FOR RELEASE: June 29, 2000
CONTACT: Dick Gunn
Outdoor Food Safety Guidelines
Each year, hundreds of Oklahomans become ill due to foodborne diseases, many of which are contracted during the summer months. The Centers for Disease Control and Prevention (CDC) estimates that foodborne diseases cause approximately 76 million illnesses, 325,000 hospitalizations, and 5,000 deaths in the United States each year. In 1999, Oklahoma had 500 cases of foodborne illness due to Campylobacter, E. coli 0157:H7, and Salmonella during the summer months of May through September. This five-month period accounts for more than half of all foodborne illnesses in Oklahoma during 1999.
It is important to remember that the warm temperatures of summer create a challenge for food safety in the home. The Oklahoma State Department of Health (OSDH) has compiled a few basic safety tips to prevent foodborne illness associated with popular summer activities.
Begin with Safe Food
- Perishable food must be kept cold or frozen at the store and at home. In between, the food should be at room temperature or in the car as little time as possible. Then it must be kept cold or cooked and chilled. Food should not be out of the refrigerator or oven longer than two hours.
- If cooking foods beforehand--such as turkey, ham, chicken, and vegetable or pasta salads--prepare them in plenty of time to thoroughly chill in the refrigerator. Divide large amounts of food into small containers for fast chilling and easier use. Keep cooked foods refrigerated until time to leave home.
Packing for Outings
- If taking food away from home--on a picnic, for example--try to plan just the right amount of perishable foods to take. That way, you won't have to worry about the storage or safety of leftovers.
- Items that don't require refrigeration include fruits, vegetables, canned meat or fish, chips, bread, crackers, peanut butter, jelly, mustard, and pickles. Don't worry about packing these items in a cooler.
- It's safe to store uncooked patties as well as raw steaks, ribs, chops, and raw poultry in the refrigerator for a day or so until ready to pack the cooler. Just make sure that raw, juicy meats and poultry are put into separate plastic bags – don't let drippings contaminate other foods.
Purchasing Take-Out Foods
- If you're planning on purchasing take-out foods such as fried chicken or barbecued beef, eat them within two hours of pickup. Otherwise, buy cooked foods ahead of time to chill before packing them into the cooler.
Keeping Cold Food Cold
- After estimating the amount of food that needs to be kept cold, pack an insulated cooler with sufficient ice or gel packs to keep the food at 40 °F. Pack food right from the refrigerator or freezer into the cooler. Why? Bacteria grow and multiply rapidly in the danger zone between 40 °F and 140 °F (out of the refrigerator or before food begins to cook). So, food transported without an ice source or left out in the sun at a picnic won't stay safe long.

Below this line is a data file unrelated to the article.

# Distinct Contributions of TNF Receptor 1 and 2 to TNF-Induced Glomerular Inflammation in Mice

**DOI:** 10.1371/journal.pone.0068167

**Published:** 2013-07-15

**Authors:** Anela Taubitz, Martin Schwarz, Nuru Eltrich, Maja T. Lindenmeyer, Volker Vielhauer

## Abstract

- If packing a bag lunch or lunch box, it's fine to prepare the food the night before and store the packed lunch in the refrigerator.
- To keep the lunch cool away from home, pack a small frozen gel pack or frozen juice box. Of course, if there's a refrigerator available, store perishable items there upon arrival. Leftover perishables that have been kept refrigerated should be safe to take home. But once gel packs and other cold sources melt, perishables are not safe -- discard them.
- When taking food to a picnic, don't put the cooler in the trunk; carry it inside the air-conditioned car. At the picnic, keep the cooler in the shade. Keep the lid closed and avoid repeated openings. Add more ice if it melts.
- Except when served, the food should be stored in a cooler. Just like a refrigerator at home when the power is off, the more times you open a cooler, the more cold air will escape. Once the ice melts, the cooler won't be able to keep food safe. Keep cold drinks in a separate cooler to avoid constantly opening the one containing perishable foods.
- If you've packed cooked foods in several small containers, you can serve one and keep the others cold for second helpings. Leave raw meat in the cooler, too. When cooking it, remove from the cooler only the amount that will fit on the grill.
- For safety and quality, the coals should be very hot before cooking food. For optimal heat, burn them 20 to 30 minutes or until they are lightly coated with ash. The USDA recommends against eating raw or undercooked ground beef since harmful bacteria could be present. To be sure bacteria are destroyed, cook hamburgers to 160 °F on a meat thermometer. Large cuts of beef such as roasts may be cooked to 145 °F for medium rare or to 160 °F for medium. Cook poultry to 165 °F. Reheat all pre-cooked meats to 165 °F.
- When taking foods off the grill, don't put the cooked items on the same platter that held the raw meat. Also do not use utensils that have touched raw meat to cut up raw vegetables or other uncooked foods.Raw meat juices can contain bacteria that could cross-contaminate safely cooked foods.
- Do not partially grill extra hamburgers to use later. Once you begin cooking hamburgers by any method, cook them until completely done to assure that bacteria are destroyed.
If you have questions about food-borne illnesses or food safety, call your local county health department.